The Definition of Family
January 10, 2011 in Hearth Witchery
The definitions of family in our society are changing rapidly. In a world where there is such disconnect, people are choosing their family differently. Sometimes there are people who aren’t as close to their blood relatives, and so chose to make a family out of their friends. Other times, people feel the world gets them down and sticks very close to their hereditary family. Sometimes it’s a mixture of both.
The point of the matter is, it’s difficult to define family. What is family? Who do you consider to be part of your family? Is your family your immediate blood relatives? Your biological mother, father, and siblings? It can be. What about people who are adopted? Do they feel the same way about their adoptive father and mother? I bet they do. Do you count extended relatives as family? Aunts, Uncles, Cousins, and the like? I used to. As I’ve gotten older, I’ve changed my definition of family. At first, family was the definition I gave to someone to whom I was related in some manner, through my mother or father, in order to establish some sort of connection with them. At the time I believed you could only have one family. Later, I cut that list down to size, only including relatives who we saw on a more regular basis than the once a year reunion. Later still, I changed that list completely.
From here on, we are going to discuss two types of family. Capital F Family, and lower case f family.
The lower case f family. This is comprised of all of those Aunts, Uncles and Cousins from the very first definition. You know, when someone says, “I have to move to a new house next weekend, everyone want to come help?”. “Of Course,” you reply. “You’re family.” This kind of family, however nice, however much you like them, is distant. Sure you’ll go help them move once every couple of years. Do you remember their birthday? Probably not. Do you even know their phone number or address? Not likely. Is it nice to see them? Sure it is. Do you want to see them every day? Some of them, sure. Definitely not all of them. Keep in mind that some of the people from this family group will also be in the capital F group.
Alright. Capital F. Family. Family in this type is comprised of those people who have made an impact on your life in such a way that you will never lose feeling for them. Usually the basics of this group are your mother, father and siblings. Who else? Maybe there is a special Aunt or Uncle that you feel particularly close to, even if you don’t talk as much as you want. Maybe it’s that friend you’ve had since school, who has been with you through more things than you can count. Hopefully those of us with spouses feel close enough to them to include them in the capital F group! Who else can be included in the coveted capital F group? Friends that we’ve met online, whether we’ve met them in person yet or not. I have a few friends I’ve made online that I would love to meet, and that I already include in my capital F group. Not to mention the fact that I met Sean online, as well.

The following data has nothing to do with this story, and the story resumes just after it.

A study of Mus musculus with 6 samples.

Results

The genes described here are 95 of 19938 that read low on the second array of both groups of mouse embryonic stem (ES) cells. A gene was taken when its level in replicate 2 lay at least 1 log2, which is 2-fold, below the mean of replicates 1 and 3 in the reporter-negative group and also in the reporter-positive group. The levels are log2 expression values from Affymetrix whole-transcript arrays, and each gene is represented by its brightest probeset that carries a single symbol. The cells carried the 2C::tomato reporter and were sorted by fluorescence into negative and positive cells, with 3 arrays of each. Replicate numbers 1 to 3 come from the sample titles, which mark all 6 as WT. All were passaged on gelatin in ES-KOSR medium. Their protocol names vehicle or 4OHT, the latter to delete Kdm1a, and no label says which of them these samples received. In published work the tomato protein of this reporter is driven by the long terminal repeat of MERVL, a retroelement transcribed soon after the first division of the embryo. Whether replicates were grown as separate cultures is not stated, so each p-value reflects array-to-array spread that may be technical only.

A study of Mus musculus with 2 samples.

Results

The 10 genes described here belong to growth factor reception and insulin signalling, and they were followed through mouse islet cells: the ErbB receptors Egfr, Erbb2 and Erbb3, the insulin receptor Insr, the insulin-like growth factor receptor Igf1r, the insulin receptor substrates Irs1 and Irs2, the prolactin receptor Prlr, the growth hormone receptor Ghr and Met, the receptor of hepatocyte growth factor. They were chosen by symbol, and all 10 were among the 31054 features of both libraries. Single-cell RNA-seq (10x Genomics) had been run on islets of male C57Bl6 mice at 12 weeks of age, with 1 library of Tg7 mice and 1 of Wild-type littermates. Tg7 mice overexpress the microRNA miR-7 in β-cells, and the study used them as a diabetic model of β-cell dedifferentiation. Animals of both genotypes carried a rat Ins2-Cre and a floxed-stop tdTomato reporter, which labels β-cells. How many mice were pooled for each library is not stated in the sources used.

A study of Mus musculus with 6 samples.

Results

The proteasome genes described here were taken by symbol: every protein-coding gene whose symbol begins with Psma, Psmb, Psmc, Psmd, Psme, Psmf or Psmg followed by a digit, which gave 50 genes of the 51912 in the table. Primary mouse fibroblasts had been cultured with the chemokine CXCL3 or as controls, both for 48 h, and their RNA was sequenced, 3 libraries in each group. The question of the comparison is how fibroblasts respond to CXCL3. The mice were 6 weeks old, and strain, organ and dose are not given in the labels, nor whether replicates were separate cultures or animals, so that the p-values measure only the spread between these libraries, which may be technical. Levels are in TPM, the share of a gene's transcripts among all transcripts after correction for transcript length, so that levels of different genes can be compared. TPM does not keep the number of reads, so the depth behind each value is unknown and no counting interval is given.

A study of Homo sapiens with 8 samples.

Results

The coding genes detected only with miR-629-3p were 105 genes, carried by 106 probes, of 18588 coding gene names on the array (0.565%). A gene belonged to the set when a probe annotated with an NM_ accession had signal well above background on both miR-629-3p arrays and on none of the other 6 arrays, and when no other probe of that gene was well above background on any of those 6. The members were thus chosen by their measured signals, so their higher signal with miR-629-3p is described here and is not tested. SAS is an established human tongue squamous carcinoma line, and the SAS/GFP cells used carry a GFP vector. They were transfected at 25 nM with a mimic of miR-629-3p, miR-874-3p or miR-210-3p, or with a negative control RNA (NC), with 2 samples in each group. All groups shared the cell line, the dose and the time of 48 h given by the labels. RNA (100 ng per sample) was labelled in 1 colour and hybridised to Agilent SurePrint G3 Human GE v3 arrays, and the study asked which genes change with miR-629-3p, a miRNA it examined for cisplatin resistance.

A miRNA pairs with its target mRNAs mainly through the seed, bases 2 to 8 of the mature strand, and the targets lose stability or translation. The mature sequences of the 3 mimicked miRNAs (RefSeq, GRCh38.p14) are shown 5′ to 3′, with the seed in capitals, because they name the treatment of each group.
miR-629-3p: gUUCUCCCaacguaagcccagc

That said, the official dictionary definition of family is this: a group of individuals living under one roof and usually under one head. I disagree. Yes, Sean and Brianna are my Family. We live under the same roof. Yet, I also count as my Family relatives in another house, school friends in another province, an e-friend in Australia. There is no all encompassing roof that will cover all of us, some of different faiths and races. Yet we are all the same Family, because we chose to be. As a Family, we need to take care of each other. We all do this in different ways. As a mother who is a hearth witch, a lot of my job is about creating harmony in the home. And remember, that home is widespread. My “home” encompasses all of my Capital F family, no matter how far away they may be.
That means playing therapist, healer, chef, and priestess. I minister to the needs of my Family, and they minister to mine, because that is what Family does to each other. As I write this, Sean has come over to the computer to rub my back. Brianna comes and gives me kisses. They are satisfying my need to know that I’m needed. However, the most important thing about being a Family, and in my case a hearth witch, is to create a Sanctuary. A place of refuge, where my Family can come and be safe. They are not judged, nor criticized, nor picked on. They are treasured for who they are, and what they bring to our Family dynamic. They are welcomed and accepted, without reservation. Because without sanctuary, it’s neither a Family nor a household.